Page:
In the 1990s Marvel and DC released a string of crossover books, and of course the disappointing DC vs. Marvel mini-series where fans voted who would win the rather pathetic and all too brief battles.
Most of the crossover books were unforgettable crap to make a quick buck. Silver Surfer and Superman, Silver Surfer and Green Lantern, Batman and Spider-Man etc – but amidst the pile of teaming up every popular character with another obvious popular character (the covers alone are enough to sell to teenagers hungry for superhero stories) was a book that stood out from the others.
Batman and Captain America was published in 1996, written and drawn by John Byrne, a timely WWII tale that could only work in comics. Instead of Batman and Cap from the 1990s Byrne wisely placed them in a story as they were in the World War II era. Batman is broad-shouldered and smiling, and a little shorter than we know him to be today. Captain America is brave and bold and super-athletic. Robin and Bucky appear along with their elders, as do the villains Joker and Red Skull. The characters all have a great look to them, John Byrne is one of those talented artists (along with George Perez) who can draw pretty much any character and make them look good.
The book is a light-hearted golden age style book, that is great fun to read. A tale set in the dawn of the superheros, when people needed hope and vitality, rather than cold-hearted cynicism, endless revisionism and in-your-face ‘realism’ (whatever that is).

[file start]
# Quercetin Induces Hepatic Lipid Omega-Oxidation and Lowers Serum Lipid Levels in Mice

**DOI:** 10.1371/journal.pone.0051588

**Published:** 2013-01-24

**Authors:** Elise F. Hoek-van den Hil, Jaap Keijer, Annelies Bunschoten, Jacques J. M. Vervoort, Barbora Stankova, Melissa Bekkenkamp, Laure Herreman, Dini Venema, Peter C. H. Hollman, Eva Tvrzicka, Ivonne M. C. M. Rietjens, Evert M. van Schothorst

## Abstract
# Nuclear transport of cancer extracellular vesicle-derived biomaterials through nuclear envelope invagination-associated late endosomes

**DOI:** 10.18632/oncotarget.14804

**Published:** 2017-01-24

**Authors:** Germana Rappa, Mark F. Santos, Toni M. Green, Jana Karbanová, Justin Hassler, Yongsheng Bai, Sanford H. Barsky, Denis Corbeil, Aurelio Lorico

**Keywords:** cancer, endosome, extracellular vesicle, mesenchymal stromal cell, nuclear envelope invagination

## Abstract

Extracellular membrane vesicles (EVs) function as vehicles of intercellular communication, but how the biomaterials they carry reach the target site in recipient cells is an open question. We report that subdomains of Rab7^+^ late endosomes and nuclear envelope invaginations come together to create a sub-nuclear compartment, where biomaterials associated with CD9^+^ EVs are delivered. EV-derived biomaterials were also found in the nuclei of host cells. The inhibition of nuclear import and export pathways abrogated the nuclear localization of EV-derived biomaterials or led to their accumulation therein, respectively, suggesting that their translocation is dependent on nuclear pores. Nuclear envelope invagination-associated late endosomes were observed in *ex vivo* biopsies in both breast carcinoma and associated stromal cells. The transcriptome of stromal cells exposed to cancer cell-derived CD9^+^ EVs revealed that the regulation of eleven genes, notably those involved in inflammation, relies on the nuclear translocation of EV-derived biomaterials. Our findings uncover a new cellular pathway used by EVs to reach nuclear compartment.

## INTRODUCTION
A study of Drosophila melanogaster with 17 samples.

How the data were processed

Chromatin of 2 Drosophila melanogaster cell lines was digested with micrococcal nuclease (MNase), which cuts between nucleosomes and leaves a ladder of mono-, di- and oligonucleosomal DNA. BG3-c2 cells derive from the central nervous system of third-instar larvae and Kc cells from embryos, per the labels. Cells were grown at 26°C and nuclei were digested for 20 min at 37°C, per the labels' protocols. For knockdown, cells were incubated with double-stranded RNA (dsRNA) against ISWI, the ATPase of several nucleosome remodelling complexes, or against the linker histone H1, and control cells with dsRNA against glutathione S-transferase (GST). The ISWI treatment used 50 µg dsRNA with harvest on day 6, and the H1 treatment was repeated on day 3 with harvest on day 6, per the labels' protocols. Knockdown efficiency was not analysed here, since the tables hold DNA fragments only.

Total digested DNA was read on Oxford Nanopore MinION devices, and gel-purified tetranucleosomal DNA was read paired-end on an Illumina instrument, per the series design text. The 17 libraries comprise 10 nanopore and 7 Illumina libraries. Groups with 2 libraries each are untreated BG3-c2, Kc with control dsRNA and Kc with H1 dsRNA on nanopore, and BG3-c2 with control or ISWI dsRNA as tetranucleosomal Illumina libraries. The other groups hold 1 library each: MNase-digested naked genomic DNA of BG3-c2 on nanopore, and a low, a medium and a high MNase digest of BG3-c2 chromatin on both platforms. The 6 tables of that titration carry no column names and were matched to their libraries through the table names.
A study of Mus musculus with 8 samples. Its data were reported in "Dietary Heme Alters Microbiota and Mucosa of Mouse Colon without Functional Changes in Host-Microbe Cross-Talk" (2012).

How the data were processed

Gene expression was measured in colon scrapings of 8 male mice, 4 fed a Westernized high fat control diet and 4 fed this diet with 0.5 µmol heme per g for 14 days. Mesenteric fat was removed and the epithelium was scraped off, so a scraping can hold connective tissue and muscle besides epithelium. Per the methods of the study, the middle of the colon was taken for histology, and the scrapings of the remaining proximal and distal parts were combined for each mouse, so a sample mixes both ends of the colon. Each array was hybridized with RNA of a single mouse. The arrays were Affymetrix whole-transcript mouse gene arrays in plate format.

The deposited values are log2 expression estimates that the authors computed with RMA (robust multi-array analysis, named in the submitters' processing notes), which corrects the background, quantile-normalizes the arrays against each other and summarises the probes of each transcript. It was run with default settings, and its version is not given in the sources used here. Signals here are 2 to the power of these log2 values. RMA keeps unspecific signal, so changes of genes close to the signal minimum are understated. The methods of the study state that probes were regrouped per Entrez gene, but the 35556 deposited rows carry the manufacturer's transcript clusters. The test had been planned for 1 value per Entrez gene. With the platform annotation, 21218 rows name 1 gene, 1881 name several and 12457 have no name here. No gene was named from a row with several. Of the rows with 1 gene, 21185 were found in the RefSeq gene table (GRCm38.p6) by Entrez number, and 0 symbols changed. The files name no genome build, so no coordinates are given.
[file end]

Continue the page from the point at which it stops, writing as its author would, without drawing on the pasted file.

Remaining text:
One of my favourite panels has a close up of Batman punching the Red Skull square on the jaw:
I love Batman’s response to Red Skull’s self-important jibber-jabber about taking over this or bombing that, Batman simply responds with “I think not” and then punches old Skull face square on the jaw. It’s so visceral and just a perfect response to a self-important blowhard that only Batman could really pull of.
Another great action scene has Red Skull and the Joker falling out of a plane to their doom while the infamous real life ‘Fat Boy’ bomb plummets in the background
John Byrne has a real knack for using characters in their element. We all love Captain America, but there is no denying that he works best in the World War II era, and in the modern day he is a little silly, though I still love him as the man out of time / leader of the Avengers, and sort of unofficial leader of all the Marvel Universe whenever there is a major crisis or bad plot that needs retconning.
Unlike crossovers that acknowledge the characters as being from different worlds/universes, Batman and Captain America is set in one fictional world, at the end Captain America plummets into a frozen doom, only to awake decades later to a Batman who seems to be the same age, but is in fact Dick Grayson/Robin who has now taken over the role of the caped crusader and even has his own blonde haired Robin at his side, named ‘Bruce’.
Despite most of the DC and Marvel crossover books in the 90s being vapid, shallow and pointless, I still bought the majority of them and devoured them greedily as only a teenager drunk on superheroes can.
I’m pleased to say that re-reading Batman and Captain America is a joy, and the quality is more in line with the 70/80s crossovers, such as Superman vs. Spider-Man and Batman vs. The Incredible Hulk. Like that book, you can pick up Cap and the Bat any day of the week and enjoy the superhero genre using the conventions it inherited and innovated upon. Fantastic people having larger than life adventures, thrills, excitement, melodrama and of course Batman punching crime in the face and looking damn stylish even with that god awful grin on his face.
If you liked this article, I’m guessing you will also enjoy my other post on Batman vs Predator.